AN UNDERTAKER who had the whole of his home town in his heart has died.

John Watson (80) was well-known around his beloved Haltwhistle as an undertaker and a councillor, and as somebody who was always looking at ways to improve the town.

Mr Watson grew up living in Scotsfield Terrace and, after a decade away from the street elsewhere in the town, he moved back to the street in 1975 with his wife Pam.

They had three children - son Andrew and daughters Sharon and Joanne - who provided them with five grandchildren.

Mr Watson's ancestors built half of Haltwhistle as monumental sculptors and builders, and he was to continue the family tradition - but not until he worked as a window cleaner in the town first.

But Mr Watson decided on a career change in the early 1980s when he started his own undertaking business, Haltwhistle and District Funeral and Burial Service.

He had no prior training or background in the industry, but thought he would give it a go as there was only one other funeral directors in the town at the time, according to his widow Pam.

It turned into a real passion for Mr Watson, who remained in the trade until he suffered two brain haemorrhages in 2009.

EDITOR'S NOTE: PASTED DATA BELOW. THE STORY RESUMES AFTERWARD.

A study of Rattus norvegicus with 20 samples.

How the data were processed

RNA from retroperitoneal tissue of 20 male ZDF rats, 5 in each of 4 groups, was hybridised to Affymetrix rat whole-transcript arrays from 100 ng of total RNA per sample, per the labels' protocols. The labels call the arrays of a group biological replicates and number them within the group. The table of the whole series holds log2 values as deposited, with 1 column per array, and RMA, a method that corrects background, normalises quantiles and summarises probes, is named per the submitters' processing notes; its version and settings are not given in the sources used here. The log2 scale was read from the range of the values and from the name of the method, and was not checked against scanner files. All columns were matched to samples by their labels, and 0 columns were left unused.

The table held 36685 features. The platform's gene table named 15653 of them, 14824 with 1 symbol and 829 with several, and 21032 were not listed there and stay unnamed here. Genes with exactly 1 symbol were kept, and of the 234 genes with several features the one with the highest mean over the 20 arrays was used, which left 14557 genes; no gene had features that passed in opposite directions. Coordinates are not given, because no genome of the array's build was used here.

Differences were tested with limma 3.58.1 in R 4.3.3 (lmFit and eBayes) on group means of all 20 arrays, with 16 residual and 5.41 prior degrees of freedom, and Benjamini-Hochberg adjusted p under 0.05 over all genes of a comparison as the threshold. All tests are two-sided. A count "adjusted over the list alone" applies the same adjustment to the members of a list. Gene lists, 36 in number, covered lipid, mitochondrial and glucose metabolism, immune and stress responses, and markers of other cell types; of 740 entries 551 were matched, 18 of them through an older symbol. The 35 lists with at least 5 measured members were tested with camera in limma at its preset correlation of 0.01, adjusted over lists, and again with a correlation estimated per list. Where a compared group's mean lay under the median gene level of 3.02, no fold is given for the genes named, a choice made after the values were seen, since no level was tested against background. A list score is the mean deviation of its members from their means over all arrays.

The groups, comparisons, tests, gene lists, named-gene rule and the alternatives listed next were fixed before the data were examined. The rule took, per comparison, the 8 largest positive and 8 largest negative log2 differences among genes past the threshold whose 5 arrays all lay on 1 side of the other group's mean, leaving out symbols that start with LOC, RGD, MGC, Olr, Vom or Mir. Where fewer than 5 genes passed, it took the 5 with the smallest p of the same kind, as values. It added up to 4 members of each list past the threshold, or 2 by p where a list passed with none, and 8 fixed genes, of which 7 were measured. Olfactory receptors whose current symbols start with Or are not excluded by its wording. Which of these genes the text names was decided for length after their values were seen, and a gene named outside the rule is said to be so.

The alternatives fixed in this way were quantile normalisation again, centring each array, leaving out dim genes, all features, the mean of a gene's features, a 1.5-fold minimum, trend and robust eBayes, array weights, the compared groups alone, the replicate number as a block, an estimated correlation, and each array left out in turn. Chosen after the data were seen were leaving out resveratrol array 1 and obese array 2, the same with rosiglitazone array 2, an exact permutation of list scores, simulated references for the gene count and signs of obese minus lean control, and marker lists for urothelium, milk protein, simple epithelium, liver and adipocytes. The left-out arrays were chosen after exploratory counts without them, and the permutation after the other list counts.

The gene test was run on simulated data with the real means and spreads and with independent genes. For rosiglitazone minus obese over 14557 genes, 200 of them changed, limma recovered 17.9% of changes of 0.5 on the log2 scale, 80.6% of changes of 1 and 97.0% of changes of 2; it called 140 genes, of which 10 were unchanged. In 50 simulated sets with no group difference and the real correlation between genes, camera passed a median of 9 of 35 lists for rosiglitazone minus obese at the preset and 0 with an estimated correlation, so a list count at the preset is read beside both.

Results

Mr Watson served the town in many other capacities, most notably as a councillor for decades.

His work as a district councillor for the town coincided with his role on Haltwhistle Town Council, of which he remained a dedicated member until recently.

Mrs Watson said he had a drive to improve his home town, and he always tried to dream up ways of bringing more tourists to west Northumberland.

Mr Watson brought media attention to the town when he came up with the idea of creating a cable car scheme to carry visitors from Haltwhistle up to Hadrian's Wall.

"We went down to Derbyshire to the Heights of Abraham to check out the cable car there, and John was always trying to think of ways to make money for Haltwhistle," said Mrs Watson.